Apple said during the battery life segment of its iPhone XS presentation a few weeks ago that the new 5.8-inch iPhone lasts 30 minutes longer than the iPhone X. The bigger iPhone XS Max is supposed to last 90 minutes longer than the iPhone X. Two independent battery life tests that followed offered mixed results, but we now have a third battery life assessment from Consumer Reports, which says the iPhone XS phones deliver “big battery life improvements” over the iPhone X.
Consumer Reports used a robotic finger programmed to simulate real-life use, with the screen brightness set to 100%. “The robot browses the internet, takes pictures, uses GPS navigation, and, of course, makes phone calls,” the review explained.
The iPhone XS lasted 24.5 hours, while the XS Max got to 26 hours. Both devices outperformed the iPhone X’s 19.5-hour performance, putting “the new iPhones up there with this year’s marathon-running Samsung phones” in Consumer Reports’ ratings.
The most noticeable improvement is in battery life. Previous iPhones have typically lagged the competition in this area, but the new models have a lot more staying power, now rating among the industry’s leaders.
However, Consumer Reports noted that the new iPhones charge a lot slower than the competition. It takes the iPhone XS 195 minutes to go from 0% to 100%, and the iPhone XS needs 15 minutes extra. Meanwhile, the Galaxy Note 9 recharges completely in 105 minutes. In addition to battery life, Consumer Reports also praised the camera and processor:
For all of those reasons [battery, camera, and processor], the iPhone XS and XS Max (which start at $1,000 and $1,100, respectively, for 64GB models) were able to grab lofty spots in our ratings amid a very crowded field of high-performing phones. They didn’t outscore the No. 1-rated Samsung Galaxy Note 9, but they managed to come close.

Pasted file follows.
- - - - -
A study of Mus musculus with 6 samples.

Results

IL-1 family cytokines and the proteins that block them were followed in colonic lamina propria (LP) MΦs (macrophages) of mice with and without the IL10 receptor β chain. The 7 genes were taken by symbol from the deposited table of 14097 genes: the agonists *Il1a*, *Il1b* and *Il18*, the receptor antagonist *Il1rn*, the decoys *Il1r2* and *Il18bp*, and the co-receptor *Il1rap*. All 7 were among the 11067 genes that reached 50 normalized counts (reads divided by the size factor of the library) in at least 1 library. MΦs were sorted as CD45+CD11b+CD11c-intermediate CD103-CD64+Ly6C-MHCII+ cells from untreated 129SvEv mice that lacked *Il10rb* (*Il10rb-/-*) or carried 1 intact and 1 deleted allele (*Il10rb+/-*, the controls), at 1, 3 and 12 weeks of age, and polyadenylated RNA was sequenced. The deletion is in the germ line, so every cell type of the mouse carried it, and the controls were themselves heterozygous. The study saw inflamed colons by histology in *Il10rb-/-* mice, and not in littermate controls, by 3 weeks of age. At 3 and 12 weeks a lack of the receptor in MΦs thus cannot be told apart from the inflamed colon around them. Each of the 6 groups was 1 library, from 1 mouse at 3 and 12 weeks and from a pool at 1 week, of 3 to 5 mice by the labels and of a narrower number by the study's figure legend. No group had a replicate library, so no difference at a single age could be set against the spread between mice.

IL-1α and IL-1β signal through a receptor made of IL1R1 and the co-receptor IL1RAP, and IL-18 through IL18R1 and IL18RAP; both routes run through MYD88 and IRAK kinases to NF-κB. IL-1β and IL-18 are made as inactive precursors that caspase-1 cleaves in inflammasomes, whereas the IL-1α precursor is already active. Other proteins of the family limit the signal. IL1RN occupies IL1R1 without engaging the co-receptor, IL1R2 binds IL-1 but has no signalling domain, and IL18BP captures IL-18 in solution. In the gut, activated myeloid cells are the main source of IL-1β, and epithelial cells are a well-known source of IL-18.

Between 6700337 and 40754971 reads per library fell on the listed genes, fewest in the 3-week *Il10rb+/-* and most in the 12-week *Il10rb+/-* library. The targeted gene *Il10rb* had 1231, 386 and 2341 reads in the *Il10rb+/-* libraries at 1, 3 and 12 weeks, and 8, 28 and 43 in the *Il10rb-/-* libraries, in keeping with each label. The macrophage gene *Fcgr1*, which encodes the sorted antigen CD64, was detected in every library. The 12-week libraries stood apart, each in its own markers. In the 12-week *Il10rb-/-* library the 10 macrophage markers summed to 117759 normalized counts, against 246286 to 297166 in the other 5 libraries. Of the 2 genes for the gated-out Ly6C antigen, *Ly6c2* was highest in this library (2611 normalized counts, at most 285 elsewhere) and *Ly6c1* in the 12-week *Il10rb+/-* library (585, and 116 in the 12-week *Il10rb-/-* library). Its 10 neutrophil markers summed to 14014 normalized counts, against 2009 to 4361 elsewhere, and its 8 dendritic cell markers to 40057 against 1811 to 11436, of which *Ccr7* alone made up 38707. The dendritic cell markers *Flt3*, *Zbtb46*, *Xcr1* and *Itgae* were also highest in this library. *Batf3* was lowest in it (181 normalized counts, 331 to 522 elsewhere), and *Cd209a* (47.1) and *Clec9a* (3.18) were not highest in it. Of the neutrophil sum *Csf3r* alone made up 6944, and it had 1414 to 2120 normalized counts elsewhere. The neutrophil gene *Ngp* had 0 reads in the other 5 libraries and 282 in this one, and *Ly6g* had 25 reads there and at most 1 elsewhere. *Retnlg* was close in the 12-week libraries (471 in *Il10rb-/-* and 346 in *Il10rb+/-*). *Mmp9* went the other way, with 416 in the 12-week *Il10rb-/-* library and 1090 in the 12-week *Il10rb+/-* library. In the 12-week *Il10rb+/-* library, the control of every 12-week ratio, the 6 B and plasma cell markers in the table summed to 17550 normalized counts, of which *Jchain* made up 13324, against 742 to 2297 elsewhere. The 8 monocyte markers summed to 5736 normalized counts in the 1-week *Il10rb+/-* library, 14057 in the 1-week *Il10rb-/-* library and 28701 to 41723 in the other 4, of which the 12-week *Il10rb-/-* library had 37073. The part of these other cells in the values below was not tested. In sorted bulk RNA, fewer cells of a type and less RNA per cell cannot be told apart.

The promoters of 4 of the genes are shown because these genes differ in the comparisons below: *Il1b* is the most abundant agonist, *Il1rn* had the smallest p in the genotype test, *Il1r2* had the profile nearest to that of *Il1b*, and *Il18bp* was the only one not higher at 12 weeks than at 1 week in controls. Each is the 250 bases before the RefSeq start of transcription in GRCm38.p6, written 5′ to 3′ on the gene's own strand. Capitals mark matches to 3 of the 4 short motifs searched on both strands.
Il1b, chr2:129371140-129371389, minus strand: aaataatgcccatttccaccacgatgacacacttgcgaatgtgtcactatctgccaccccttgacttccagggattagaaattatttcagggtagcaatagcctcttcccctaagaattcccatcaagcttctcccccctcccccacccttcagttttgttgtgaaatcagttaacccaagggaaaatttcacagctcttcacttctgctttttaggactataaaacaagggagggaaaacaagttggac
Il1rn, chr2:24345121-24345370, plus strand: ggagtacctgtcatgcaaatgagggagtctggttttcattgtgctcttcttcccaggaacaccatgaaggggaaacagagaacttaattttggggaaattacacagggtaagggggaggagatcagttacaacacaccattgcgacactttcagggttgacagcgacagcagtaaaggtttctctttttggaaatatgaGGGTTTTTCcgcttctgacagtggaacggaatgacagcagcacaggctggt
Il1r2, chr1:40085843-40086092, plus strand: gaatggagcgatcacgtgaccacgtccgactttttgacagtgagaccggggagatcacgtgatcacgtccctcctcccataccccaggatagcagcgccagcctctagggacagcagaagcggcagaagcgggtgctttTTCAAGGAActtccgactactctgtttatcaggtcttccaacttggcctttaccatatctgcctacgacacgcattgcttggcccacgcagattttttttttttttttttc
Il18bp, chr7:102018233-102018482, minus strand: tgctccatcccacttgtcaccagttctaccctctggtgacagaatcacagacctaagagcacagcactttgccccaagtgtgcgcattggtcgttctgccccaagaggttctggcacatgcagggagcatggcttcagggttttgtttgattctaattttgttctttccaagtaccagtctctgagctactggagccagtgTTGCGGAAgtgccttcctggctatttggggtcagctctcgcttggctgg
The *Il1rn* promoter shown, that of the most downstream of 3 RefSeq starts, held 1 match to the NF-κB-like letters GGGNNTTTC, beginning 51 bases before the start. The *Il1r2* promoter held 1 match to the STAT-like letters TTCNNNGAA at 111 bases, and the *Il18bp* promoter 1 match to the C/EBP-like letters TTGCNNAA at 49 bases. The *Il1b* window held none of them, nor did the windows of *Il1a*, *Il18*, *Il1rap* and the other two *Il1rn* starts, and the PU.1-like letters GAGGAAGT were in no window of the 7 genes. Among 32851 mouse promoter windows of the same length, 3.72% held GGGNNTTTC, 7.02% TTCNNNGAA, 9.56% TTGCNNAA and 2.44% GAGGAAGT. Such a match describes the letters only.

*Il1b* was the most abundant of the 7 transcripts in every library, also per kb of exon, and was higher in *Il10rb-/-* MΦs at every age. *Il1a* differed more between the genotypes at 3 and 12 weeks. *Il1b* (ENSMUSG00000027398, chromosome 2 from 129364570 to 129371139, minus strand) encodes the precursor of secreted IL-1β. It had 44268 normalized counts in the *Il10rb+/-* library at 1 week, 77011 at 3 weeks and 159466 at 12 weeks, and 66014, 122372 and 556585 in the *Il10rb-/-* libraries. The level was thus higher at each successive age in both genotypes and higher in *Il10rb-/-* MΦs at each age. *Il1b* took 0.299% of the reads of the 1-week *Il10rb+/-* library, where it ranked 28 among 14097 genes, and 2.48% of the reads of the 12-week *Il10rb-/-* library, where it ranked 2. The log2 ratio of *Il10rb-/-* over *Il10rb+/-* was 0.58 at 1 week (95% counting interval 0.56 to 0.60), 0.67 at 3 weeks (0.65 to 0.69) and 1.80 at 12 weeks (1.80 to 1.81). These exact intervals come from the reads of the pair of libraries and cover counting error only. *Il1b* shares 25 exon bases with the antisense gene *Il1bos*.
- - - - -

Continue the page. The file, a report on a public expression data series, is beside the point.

Battery tests from Phone Arena a few days ago showed similar charging times estimates. When it comes to battery life, those tests showed similar battery life for the iPhone X and iPhone XS, with the XS Max lasting for almost an hour longer than the 5.8-inch models. In a different test before that, Tom’s Guide’s tests showed that neither the iPhone XS nor the XS Max was able to outlast the iPhone X.
Of course, not all battery life tests are equal, and they don’t replicate Apple’s findings. Apple says on its website that battery claims “are dependent on network configuration and many other factors,” and actual results will vary. But all three tests do show that both the iPhone XS and iPhone XS Max should get you through the day, with plenty of time to spare.